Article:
The Australian Financial Complaints Authority (AFCA) is examining how it can reduce cross-subsidisation when it comes to levy funding and treat smaller firms more fairly.
Speaking at the AFCA member forum, chief executive, David Locke, said AFCA was awaiting the results of a Treasury independent review into the body which was expected “any day now”.
Regarding what the review might advise on fees and funding, Locke said AFCA was already exploring how it could reduce cross-subsidisation in particular.
“This is something we have been considering and we are awaiting any recommendation from the independent review,” Locke said.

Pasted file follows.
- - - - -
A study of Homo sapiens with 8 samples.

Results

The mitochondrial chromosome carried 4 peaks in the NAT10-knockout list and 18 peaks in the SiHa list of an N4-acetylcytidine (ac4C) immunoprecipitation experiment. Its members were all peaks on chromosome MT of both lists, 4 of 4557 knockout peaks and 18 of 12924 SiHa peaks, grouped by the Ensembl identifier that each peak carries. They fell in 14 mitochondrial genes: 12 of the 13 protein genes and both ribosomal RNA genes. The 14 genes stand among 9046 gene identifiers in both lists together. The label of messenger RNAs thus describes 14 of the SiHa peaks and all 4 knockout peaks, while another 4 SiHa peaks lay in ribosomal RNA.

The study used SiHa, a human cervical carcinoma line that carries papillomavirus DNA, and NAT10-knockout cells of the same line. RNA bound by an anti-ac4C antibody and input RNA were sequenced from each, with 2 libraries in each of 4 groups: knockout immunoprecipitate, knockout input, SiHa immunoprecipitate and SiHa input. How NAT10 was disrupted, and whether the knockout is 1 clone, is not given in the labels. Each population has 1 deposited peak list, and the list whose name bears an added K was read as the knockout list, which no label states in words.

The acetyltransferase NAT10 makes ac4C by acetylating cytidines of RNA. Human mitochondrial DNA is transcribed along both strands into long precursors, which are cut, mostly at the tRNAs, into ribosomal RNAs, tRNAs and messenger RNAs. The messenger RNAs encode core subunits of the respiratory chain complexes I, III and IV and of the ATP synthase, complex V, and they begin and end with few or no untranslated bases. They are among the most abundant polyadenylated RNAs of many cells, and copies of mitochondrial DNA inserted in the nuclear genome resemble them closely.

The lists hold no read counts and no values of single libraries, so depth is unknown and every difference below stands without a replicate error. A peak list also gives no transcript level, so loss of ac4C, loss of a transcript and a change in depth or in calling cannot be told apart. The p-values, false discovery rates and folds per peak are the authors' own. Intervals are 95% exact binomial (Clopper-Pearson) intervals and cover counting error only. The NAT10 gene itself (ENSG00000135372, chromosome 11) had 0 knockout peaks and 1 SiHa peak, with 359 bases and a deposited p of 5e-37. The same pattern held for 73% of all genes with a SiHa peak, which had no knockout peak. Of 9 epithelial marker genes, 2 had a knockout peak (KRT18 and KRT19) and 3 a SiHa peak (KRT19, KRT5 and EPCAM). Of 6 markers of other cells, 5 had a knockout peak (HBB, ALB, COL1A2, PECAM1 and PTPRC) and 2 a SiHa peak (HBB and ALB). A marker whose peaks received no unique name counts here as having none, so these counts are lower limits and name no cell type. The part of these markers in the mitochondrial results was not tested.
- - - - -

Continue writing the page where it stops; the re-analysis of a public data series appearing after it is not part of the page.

“Our starting point was to establish principles and one of us was around cross-subsidisation. You don’t want to have insurers cross-subsidising the work they handle with banks or financial advisers being granted fees related to other areas.”
Another area was how funding could work for small firms or those which received few complaints.
“We are also looking at how we can keep fees low, particularly for matters that involve a small amount of funds and where they are being resolved very early on, in the registration stage,” Locke said.
“We’re looking at how we can work with smaller members or members who have very few complaints.
“Clearly, when you make any changes to a funding model, it will mean you have some people who pay less and some who pay more so we will have to look at how fair that is. We are very conscious of that and want to have a sustainable funding model as we are very aware AFCA is funded by its members and we want it to be fair.”